GOD’S HEART FOR THOSE HURT BY THE CHURCH

GOD’S HEART FOR THOSE HURT BY THE CHURCH by Adriel Sanchez for Core Christianity

The story of Hagar in Genesis 16 is a tragic recounting of a woman taken advantage of by God’s people. Abraham, so often treated as an exemplar of faith in the New Testament, together with his wife, Sarah, mistreat Hagar through their lack of trust in God’s promise. Impatient with God’s timing, Sarah offers up Hagar to Abraham as a kind of surrogate mother. The act not only conceives a child but also creates tension between Sarah and Hagar (Gen. 16:4). As the story unfolds, Sarah begins to treat her maidservant harshly (v. 6).

The word used in verse 6 to describe Sarah’s treatment of Hagar is quite strong. In Genesis 15:13 it was used to describe Israel’s future affliction in Egypt. There’s a strange role reversal in the text. Long before the Hebrews are afflicted by the Egyptians, Hagar (who happens to be from Egypt) is afflicted by this Hebrew couple.

Hagar is an example of someone used and abused by the church, and there are many Hagars around us today. Pollsters tell us that the increasing number of “de-churched” people—those who used to attend religious services but no longer do—point to negative experiences in the church for why they’ve left.[1] How does God feel about them? How does he feel about you, if you’ve been hurt by the church, and have fled into the wilderness like Hagar did?

Jesus Pursues You

In Genesis 16:7 we read that as Hagar was on the run, “The Angel of the LORD found her by a spring of water in the wilderness, the spring on the way to Shur.” This is the first explicit mention of the “Angel of the LORD” in the book of Genesis. Many biblical scholars believe that the angel of the LORD is none other than a preincarnate appearance of the Second Person of the Trinity, the Son of God (compare v.10 to Gen. 12.2; & v.13).[2]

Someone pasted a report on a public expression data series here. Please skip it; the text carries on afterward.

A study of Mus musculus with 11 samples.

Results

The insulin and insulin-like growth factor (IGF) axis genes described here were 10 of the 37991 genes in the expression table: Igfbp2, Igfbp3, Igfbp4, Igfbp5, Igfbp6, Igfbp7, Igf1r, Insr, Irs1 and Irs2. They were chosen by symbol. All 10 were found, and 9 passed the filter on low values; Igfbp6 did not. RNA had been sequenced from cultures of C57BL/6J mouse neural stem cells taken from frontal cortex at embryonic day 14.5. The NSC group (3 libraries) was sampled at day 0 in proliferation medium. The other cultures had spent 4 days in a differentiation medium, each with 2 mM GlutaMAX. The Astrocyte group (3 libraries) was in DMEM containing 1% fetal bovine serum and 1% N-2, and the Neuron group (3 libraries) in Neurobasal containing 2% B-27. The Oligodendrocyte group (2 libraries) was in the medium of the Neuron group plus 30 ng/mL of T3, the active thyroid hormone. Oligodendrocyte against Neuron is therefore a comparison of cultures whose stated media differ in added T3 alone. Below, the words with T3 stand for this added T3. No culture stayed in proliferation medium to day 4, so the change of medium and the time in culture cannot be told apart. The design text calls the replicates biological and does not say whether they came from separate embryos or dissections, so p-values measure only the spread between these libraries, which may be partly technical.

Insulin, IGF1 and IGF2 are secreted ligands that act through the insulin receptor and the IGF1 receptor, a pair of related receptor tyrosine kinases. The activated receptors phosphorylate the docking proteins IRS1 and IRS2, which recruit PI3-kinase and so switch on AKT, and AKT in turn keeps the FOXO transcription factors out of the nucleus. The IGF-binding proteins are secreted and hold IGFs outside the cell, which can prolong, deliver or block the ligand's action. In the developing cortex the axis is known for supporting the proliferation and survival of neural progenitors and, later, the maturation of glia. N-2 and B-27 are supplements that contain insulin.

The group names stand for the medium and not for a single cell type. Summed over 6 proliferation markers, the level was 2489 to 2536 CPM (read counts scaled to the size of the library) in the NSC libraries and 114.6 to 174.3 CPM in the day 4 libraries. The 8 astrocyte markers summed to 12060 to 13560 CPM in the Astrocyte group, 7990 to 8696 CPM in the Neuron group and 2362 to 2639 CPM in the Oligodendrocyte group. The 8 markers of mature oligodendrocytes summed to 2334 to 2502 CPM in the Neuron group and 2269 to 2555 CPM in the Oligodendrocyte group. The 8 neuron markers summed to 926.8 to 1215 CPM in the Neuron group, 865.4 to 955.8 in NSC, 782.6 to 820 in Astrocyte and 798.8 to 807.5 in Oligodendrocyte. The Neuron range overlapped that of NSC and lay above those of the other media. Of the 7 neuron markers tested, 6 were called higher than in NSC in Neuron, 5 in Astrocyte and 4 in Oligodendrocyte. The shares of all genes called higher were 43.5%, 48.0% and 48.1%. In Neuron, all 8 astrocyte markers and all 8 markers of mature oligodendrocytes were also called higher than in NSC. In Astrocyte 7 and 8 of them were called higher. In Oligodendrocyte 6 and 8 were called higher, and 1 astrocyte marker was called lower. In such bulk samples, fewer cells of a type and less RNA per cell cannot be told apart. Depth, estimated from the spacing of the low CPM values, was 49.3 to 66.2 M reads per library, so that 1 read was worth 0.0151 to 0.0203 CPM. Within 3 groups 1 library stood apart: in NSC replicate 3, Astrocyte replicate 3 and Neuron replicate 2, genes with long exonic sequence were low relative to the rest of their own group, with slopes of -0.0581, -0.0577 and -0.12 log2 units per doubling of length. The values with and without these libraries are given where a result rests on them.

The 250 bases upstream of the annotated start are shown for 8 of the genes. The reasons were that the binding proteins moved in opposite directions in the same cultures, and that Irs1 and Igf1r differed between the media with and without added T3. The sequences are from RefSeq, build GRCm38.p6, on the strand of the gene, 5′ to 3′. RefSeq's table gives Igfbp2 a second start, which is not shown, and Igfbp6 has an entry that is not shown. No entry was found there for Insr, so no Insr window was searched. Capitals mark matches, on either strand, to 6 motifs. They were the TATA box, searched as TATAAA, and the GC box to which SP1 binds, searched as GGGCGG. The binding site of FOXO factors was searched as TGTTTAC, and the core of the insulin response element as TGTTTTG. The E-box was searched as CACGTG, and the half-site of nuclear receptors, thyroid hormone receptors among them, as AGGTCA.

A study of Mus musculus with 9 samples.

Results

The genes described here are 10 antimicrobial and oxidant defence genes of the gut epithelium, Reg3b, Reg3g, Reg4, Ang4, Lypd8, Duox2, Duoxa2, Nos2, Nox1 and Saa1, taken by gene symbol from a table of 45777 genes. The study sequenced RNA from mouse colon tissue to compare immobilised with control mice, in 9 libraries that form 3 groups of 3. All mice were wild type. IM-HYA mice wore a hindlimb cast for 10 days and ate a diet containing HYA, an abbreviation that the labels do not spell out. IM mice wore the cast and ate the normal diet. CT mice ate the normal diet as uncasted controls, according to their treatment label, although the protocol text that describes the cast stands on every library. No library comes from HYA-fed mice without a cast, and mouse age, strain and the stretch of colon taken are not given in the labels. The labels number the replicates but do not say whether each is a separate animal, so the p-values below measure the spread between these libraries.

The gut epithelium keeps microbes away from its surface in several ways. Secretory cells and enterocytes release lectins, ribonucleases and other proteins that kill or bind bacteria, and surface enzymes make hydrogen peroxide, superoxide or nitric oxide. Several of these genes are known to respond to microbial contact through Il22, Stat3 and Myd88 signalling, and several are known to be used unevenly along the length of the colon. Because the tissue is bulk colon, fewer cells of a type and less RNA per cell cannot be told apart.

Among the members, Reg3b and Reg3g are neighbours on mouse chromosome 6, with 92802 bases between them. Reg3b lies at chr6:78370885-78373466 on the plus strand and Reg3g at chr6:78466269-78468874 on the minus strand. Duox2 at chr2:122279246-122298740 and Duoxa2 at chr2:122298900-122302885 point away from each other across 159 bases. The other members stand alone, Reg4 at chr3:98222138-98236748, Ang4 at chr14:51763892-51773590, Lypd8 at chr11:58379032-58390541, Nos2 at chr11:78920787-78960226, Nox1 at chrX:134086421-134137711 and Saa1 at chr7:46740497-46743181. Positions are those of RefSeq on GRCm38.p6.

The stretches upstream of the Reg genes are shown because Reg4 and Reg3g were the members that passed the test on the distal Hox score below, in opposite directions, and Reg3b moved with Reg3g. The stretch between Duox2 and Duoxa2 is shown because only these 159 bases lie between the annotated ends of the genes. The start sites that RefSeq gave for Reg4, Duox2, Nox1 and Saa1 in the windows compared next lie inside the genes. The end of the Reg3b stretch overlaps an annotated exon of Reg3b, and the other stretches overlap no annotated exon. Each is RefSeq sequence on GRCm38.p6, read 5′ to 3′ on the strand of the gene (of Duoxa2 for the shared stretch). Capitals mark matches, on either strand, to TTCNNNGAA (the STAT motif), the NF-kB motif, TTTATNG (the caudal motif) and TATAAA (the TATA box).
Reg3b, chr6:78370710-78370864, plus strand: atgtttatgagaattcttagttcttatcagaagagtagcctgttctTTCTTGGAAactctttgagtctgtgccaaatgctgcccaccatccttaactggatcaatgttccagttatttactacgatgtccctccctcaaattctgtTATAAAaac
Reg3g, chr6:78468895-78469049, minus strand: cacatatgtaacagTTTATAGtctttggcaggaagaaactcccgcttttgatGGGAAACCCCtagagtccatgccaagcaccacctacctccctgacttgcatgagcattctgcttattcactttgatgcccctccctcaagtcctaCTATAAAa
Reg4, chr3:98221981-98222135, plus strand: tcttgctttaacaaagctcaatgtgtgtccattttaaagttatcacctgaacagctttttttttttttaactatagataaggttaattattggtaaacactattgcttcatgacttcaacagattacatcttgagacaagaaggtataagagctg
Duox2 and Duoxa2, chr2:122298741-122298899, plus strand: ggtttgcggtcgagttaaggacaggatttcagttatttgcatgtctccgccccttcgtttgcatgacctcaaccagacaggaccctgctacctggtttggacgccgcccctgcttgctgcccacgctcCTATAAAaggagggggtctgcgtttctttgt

Meditate on that. The first explicit appearance of the Angel of the LORD isn’t to Abraham, it’s to Hagar. This Egyptian woman, afflicted by the people of God, is pursued by God. Isn’t this so very much like Jesus? Jesus is the savior who leaves the 99 to go searching for the one sheep that has wandered away (Luke 15). You may feel spiritually lost after a bad experience in church, but Jesus doesn’t stop pursuing you.

Jesus Knows You

When the Angel of the LORD meets Hagar in verse 8, he calls her by her name, “Hagar.” This doesn’t seem too special, until you realize that up until this point Abraham and Sarah have only referred to her as the servant.

The first job I ever had was doing yard work for a neighbor. Each day after school I’d go to his house and rake leaves or trim trees. It was a fine first job, but my neighbor never quite knew my name. When I told him my name was Adriel, he heard “Pedro.” For an entire year he called me Pedro, and while I tried to correct him during the first few weeks, he was hard of hearing and my name never really registered. It was pretty clear that he wasn’t interested in me personally, but only in the job I did.